Ever wondered How Do Kidneys Work? Most parents and educators know how curious kids are and how much they want to know what things are made of and how they work. Their bodies are no exception. That's why we made our app Inside the Human Body. It's also why we decided to write a series of clear and concise posts about how some of our most interesting body parts work.

To kick the series off, we're stepping inside the kidneys. We know a lot of amazing facts about them after last week's post in honour of World Kidney Day, now let's take a step closer and look at how they actually work.

What Do Kidneys Do?

Our kidneys are two bean shaped organs about the size of your fist. They're vital to maintaining general health and wellbeing. We get two because doubling up covers the possibility that one might be lost to injury or infection. Although we can get along just fine with one, with no kidney function at all, death is just a few days away.

Imagine the kidneys as a non-stop sorting and filtering system. They work sifting the recyclable from the non-recyclable waste while also cleaning your blood. Your blood supply circulates through the kidneys around twelve times an hour. They process around 200 litres of blood each day.

As part of the urinary system, your kidneys also make pee (urine) from the excess fluid and unwanted chemicals or waste in the blood. Around one to two litres of waste leaves your body as urine each day.

Kidneys also keep water levels in your body perfectly balanced. If you drink too much they make watery pee to get rid of excess. If your body is short of water, they pass less of it into urine.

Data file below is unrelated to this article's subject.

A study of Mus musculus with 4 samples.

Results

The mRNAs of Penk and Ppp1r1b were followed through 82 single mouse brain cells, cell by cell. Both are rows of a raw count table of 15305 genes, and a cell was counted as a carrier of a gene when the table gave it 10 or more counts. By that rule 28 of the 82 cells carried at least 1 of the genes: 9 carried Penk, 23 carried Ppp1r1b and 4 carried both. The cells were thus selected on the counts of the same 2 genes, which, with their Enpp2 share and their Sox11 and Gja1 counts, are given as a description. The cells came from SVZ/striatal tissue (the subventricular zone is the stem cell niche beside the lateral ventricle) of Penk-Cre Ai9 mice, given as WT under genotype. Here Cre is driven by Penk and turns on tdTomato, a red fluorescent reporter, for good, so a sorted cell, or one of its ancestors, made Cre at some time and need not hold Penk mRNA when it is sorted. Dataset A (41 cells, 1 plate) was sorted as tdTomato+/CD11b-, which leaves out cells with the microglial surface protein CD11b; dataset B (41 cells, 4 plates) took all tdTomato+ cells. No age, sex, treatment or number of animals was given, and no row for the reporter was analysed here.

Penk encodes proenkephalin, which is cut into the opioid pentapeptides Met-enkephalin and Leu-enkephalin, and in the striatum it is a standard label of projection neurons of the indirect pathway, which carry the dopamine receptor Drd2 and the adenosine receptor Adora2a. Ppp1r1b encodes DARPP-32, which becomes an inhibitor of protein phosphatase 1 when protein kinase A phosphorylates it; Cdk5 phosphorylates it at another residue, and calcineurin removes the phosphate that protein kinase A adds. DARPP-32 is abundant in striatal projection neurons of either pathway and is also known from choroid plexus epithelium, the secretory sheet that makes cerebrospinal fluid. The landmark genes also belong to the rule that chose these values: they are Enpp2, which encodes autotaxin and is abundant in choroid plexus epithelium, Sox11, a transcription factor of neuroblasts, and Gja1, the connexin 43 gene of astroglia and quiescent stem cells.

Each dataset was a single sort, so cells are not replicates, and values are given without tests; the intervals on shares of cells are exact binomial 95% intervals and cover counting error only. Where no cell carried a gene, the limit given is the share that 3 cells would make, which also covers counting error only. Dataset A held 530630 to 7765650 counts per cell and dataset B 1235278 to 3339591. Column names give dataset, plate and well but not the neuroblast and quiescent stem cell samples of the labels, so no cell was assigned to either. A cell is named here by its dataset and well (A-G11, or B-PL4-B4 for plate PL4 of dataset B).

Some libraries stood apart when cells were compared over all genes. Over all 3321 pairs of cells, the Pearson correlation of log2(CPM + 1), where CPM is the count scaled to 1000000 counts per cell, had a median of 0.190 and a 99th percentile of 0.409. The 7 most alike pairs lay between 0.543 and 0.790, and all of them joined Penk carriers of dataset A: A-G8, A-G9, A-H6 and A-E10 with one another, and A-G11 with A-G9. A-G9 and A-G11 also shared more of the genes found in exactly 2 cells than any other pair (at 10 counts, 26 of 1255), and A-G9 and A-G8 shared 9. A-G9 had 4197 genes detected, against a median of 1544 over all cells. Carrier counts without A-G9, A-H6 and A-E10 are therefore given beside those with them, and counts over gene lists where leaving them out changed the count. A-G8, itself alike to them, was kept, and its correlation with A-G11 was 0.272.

How Do Kidneys Work: step 1 unfiltered blood
How Do Kidneys Work: step 2 filtered blood
How Do Kidneys Work: step 3 urine

How Do Kidneys Work?


Blood flows in and out of the kidneys through large blood vessels which divide into smaller and smaller branches upon entering the kidneys. These branches lead to a million tiny filtering units called nephrons.

Inside a nephron

Inside each nephron there's a filter called the glomerulus and a tubule. The glomerulus, which looks like a long looped tube, lets fluid and waste products pass through it. It prevents blood cells and large molecules, mostly proteins, from passing through. The filtered fluid then goes through the tubule which sends needed minerals back to the bloodstream and removes waste. What's left becomes urine. The cleaned blood returns to the body by the renal vein.

Working with the Brain

The kidneys work with the brain to control and balance water levels. When they are low, the brain releases a hormone, AHH, which makes the kidneys save water. Water levels are monitored in the brain by the Pituitary Gland.

Next time your kids ask you How Do Kidneys Work, you'll know what to answer.